From Nancy Leon (She/Her), Early Childhood Education and Development Specialist
During the past two years, we have seen how the COVID-19 pandemic has uncovered a lot of the severe disparities that BIPOC communities suffer during crisis situations. Today, even though we are still living with these consequences, we are now also having to address another global crisis with associated health threats and challenges, and that is climate change. While the health impacts associated with climate change are unavoidable for anyone, certain people will disproportionately feel the health impacts. These are our BIPOC communities.
Available evidence through the Environmental Protection Agency (EPA) has found that our BIPOC communities are not only the first affected but also the worst affected by climate change, from experiencing natural disasters like Hurricane Katrina to record breaking heat waves. Such disasters cause BIPOC communities to become displaced and further impoverished, and magnify public health issues in their communities. The link between our BIPOC communities and the climate crisis has long been recognized by many environmental agencies; however, it has yet to be fully addressed.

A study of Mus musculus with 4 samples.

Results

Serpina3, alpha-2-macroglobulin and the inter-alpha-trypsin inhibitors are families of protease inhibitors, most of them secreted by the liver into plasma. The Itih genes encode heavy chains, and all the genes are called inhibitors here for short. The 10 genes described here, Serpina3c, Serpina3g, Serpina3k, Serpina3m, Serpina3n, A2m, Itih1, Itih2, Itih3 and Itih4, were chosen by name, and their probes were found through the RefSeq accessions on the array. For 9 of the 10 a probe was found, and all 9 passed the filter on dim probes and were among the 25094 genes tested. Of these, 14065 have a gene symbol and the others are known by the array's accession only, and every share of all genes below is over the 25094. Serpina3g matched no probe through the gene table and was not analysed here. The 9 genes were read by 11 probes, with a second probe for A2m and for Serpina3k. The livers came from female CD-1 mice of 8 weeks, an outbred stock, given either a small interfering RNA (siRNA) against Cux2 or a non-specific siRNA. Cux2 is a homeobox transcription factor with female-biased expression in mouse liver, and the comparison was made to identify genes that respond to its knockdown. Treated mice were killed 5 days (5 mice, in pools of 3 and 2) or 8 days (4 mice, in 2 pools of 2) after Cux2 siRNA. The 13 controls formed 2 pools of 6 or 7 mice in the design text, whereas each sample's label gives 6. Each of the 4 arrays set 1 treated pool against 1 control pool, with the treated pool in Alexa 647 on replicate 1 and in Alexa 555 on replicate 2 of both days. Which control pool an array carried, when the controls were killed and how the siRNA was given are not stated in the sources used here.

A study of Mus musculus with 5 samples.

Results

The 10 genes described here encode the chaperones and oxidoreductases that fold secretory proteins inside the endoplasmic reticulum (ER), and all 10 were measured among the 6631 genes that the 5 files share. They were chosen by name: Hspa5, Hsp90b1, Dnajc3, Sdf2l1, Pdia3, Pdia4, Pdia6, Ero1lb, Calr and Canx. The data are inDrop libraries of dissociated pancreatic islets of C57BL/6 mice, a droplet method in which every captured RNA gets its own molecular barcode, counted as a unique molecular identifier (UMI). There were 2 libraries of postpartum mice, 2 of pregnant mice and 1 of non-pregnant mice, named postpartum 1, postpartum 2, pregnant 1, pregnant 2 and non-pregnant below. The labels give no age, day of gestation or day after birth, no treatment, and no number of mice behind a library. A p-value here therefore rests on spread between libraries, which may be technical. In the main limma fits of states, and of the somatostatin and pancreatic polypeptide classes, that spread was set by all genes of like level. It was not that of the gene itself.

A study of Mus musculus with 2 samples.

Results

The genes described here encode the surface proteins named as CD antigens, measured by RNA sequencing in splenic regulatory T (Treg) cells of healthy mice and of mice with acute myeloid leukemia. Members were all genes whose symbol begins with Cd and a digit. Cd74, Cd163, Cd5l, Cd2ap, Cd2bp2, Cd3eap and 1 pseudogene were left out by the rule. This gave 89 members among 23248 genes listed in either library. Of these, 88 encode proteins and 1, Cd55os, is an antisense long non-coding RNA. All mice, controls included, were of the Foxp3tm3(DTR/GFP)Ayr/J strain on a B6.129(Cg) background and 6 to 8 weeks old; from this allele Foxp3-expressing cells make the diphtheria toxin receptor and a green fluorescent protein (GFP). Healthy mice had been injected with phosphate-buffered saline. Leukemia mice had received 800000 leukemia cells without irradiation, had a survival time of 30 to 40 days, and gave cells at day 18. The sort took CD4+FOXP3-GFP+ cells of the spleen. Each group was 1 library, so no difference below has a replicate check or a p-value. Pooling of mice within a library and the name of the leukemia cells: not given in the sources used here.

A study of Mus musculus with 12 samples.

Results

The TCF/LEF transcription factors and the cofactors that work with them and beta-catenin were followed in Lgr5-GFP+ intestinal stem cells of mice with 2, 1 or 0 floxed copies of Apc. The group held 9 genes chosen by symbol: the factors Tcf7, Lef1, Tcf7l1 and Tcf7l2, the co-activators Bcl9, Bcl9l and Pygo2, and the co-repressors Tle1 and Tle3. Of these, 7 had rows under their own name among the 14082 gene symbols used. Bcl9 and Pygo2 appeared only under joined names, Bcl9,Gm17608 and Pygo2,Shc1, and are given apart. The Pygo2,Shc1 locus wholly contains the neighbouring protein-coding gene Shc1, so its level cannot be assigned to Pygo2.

For years now, the EPA has reported that across the U.S., BIPOC communities continue to find themselves directly in the path of the climate crisis. They live in neighborhoods that are uniquely vulnerable to extreme heat, pollution, and other natural disasters. But their geographical location alone is not the main cause. It is the continuing cycle of systemic and institutional injustices that places marginalized communities at the disposal of climate impacts (Bullart et al., 2016). This dangerous cycle persists because these marginalized communities have historically never had the agency, resources, or cultural validation for climate justice, putting them further into harm’s way. And the truth is that as minorities, BIPOC communities have had to focus on many other pressing matters such as their rights, health care access, pay inequity, etc.
Due to the many years that our BIPOC communities have stood on the frontlines of the climate crisis, we have constrained these communities to respond or have a voice for climate action. This is why we need to expand the conversations around climate justice now! To ensure that regardless of our race or ethnicity we are all guaranteed protection from the environmental changes that our mother earth is going through.
Bullard, R. D., Gardezi, M., Chennault, C., & Dankbar, H. Climate change and environmental justice: A conversation with Dr. Robert Bullard. Journal of Critical Thought ad Praxis, 5(2) (2016).